NASA Needs More Money to Hunt Killer Space Rocks, Report Says

NASA Needs More Money to Hunt Killer Space Rocks, Report Says
This mid-infrared composite image was obtained with the Gemini North telescope on Mauna Kea, Hawai'i, on 22 July at ~13:30 UT with the MICHELLE mid-infrared spectrograph/imager. The impact site is the bright yellow spot at the center bottom of Jupiter's disk. (Image credit: UC Berkeley, Space Science Institute, University of Anchorage, Alaska, Gemini Observatory/AURA)

NASA needsmore cash in order to meet its goal of finding nearby space rocks that couldhit Earth in a devastating impact, a new report says.

Congressordered NASA in 2005 to find and track 90 percent of the largeasteroids near Earth by 2020, but did not set aside the necessary fundsrequired to do the job, according to a report released Wednesday by theNational Academy of Sciences.

Withoutthat funding, NASA will not be able to build the new facilities and telescopes requiredto track potentially threatening asteroids down to the size of about 460 feet(140 meters) across, according to the interim report.

?I thinkthey?re pretty much right on,? said Lindley Johnson, NASA?s manager of theNear-Earth Objects program at the agency?s headquarters in Washington.

Johnson Wednesday that NASA has estimated it needs between $800million and $1 billion over the course of 12 to 15 years to build and supportthe more sensitive telescopes required to meet its goal of tracking most of thenear-Earth objects.

AstronomerDonald Yeomans, manager of NASA's Near-Earth Object program office at the JetPropulsion Laboratory in Pasadena, Calif., has said that about 15 percent ofthe objects 460 feetwide and larger have been found, and only 5 percent of objects down to about 164feet (50 meters) in size.

One of thetop space rocks under observation is 2007 VK184, a 425-foot-wide(130 meters) asteroid that has a 1-in-2,940 chance of hitting Earth sometimebetween 2048 and 2057. An impact, if it occurred, would cause an explosionroughly equivalent to 150 million tons of TNT, or more than 10,000 times thatof the atom bomb droppedon Hiroshima.

NASA isjust about 85 percent complete with tracking asteroids about a half-mile (1 km)in size, Johnson said.

Huntingasteroids near Earth

Scientistsestimate there are about 100,000 asteroids and comets near Earth, but onlyabout 20,000 are expected to pose any risk of impact. As of Monday, NASA hasfound 6,330 of those objects, 1,000 of them flying in orbits that could potentiallythreaten the Earth in the future, Johnson said.

Aside fromefforts to launch space-based missions to track incoming asteroids by Germanyand Canada, the United States is carrying the bulk of the asteroid watch work,the new report stated. NASA currently has three separate search teams runningfive different telescopes to hunt for potentially threatening objects nearEarth.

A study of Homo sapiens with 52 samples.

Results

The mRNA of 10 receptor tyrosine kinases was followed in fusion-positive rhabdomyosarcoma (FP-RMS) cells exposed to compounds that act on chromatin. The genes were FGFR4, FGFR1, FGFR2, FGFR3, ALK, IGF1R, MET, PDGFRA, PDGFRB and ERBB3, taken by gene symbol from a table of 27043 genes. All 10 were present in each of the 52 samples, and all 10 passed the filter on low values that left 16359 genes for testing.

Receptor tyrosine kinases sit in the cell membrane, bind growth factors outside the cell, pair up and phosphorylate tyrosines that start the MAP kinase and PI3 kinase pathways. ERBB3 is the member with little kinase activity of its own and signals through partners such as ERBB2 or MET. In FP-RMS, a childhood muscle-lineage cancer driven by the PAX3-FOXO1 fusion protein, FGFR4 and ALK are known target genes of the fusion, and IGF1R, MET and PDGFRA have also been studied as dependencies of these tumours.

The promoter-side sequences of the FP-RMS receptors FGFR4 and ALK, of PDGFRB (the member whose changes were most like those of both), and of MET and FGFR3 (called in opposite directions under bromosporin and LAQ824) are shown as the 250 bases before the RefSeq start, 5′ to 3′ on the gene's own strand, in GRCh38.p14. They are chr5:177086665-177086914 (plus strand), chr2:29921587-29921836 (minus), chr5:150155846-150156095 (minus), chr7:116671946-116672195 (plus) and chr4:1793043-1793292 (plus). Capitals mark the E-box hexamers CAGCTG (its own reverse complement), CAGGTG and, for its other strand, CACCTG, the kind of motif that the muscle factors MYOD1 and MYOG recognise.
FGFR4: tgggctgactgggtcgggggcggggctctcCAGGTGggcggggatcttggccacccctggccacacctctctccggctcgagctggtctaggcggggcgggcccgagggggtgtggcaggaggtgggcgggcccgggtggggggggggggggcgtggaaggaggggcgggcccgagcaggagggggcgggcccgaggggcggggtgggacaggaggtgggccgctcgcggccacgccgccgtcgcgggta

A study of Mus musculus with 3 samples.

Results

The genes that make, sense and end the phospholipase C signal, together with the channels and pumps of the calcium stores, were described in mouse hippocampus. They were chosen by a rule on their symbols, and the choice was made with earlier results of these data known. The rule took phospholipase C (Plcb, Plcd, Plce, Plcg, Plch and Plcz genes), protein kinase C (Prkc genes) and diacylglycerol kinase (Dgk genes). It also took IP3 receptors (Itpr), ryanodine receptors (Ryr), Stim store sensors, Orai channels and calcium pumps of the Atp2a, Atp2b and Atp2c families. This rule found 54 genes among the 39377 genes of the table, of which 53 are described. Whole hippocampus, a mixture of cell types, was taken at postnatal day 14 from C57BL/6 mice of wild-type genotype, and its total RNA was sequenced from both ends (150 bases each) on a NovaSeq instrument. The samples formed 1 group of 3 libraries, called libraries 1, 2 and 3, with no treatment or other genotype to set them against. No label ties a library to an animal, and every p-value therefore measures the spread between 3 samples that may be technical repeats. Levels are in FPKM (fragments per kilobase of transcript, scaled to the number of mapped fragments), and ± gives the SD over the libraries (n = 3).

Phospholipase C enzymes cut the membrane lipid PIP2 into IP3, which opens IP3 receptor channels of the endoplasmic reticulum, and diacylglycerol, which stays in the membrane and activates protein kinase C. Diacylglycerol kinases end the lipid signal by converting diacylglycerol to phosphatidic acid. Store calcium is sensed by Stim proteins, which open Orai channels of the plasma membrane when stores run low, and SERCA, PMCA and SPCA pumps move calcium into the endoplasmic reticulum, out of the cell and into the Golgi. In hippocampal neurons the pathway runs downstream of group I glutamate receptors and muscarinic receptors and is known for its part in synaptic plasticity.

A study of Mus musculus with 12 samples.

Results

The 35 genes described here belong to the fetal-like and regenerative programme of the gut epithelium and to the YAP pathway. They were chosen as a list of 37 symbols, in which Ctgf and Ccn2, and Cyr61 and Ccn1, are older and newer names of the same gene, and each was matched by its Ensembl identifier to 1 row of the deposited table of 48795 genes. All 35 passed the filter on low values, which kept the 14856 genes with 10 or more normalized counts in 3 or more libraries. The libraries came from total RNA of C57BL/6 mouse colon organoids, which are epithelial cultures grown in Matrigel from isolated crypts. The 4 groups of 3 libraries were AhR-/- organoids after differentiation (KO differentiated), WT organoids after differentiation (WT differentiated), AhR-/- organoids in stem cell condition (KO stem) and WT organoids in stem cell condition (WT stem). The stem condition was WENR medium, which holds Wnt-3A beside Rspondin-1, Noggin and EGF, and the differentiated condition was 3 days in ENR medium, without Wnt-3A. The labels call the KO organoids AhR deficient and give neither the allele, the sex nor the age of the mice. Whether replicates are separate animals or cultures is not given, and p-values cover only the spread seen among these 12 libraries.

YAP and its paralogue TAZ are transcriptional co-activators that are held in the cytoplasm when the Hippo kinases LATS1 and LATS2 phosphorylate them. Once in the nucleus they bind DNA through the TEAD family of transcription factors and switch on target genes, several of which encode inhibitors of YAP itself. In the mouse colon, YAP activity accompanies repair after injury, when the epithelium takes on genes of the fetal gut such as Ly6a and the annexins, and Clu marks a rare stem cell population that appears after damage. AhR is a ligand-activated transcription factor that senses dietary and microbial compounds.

The recent impacton Jupiter last month of a previously unknown object has brought Earth?s riskof a similar hit back to the forefront. If such an impact occurred on Earth, theresults wouldbe catastrophic, scientists have said.

?It caughtus a little bit by surprise,? Johnson said of the Jupiter impact, whichscientists believe was caused by an asteroid or comet.

Johnsonsaid that scientists plan to use data from NASA?s new Wide-field Infrared Survey Explorerspacecraft, which is slated to launch in late 2009 to map the night sky in moredetail than ever before, to expand their search for near-Earth objects. He andhis team are looking forward to the final version of the National Academy ofSciences report.

A finalversion of the report is slated to be completed by the end of the year.

In themeantime, NASA recently launched a new ?Asteroid Watch? Web site ( keep the public current on its work to track near-Earth objects. The Website launched July 29 to post updates and alert the public to new research andfindings via updates, Twitter and an asteroid tracking widget.

Johnsonsaid the Web site was in development long before the Jupiterimpact, which occurred just over a week earlier.

?We hadactually started work to bring up that Web site a couple of months ago,? Johnsonsaid. ?That was just another event out of the blue.?

  • New Video - Asteroid Collision Watch
  • Video - Killer Comets and Ominous Asteroids
  • Image Gallery - Asteroids in Space


Join our Space Forums to keep talking space on the latest missions, night sky and more! And if you have a news tip, correction or comment, let us know at:

Tariq Malik

Tariq is the Editor-in-Chief of and joined the team in 2001, first as an intern and staff writer, and later as an editor. He covers human spaceflight, exploration and space science, as well as skywatching and entertainment. He became's Managing Editor in 2009 and Editor-in-Chief in 2019. Before joining, Tariq was a staff reporter for The Los Angeles Times covering education and city beats in La Habra, Fullerton and Huntington Beach. In October 2022, Tariq received the Harry Kolcum Award for excellence in space reporting from the National Space Club Florida Committee. He is also an Eagle Scout (yes, he has the Space Exploration merit badge) and went to Space Camp four times as a kid and a fifth time as an adult. He has journalism degrees from the University of Southern California and New York University. You can find Tariq at and as the co-host to the This Week In Space podcast with space historian Rod Pyle on the TWiT network. To see his latest project, you can follow Tariq on Twitter @tariqjmalik.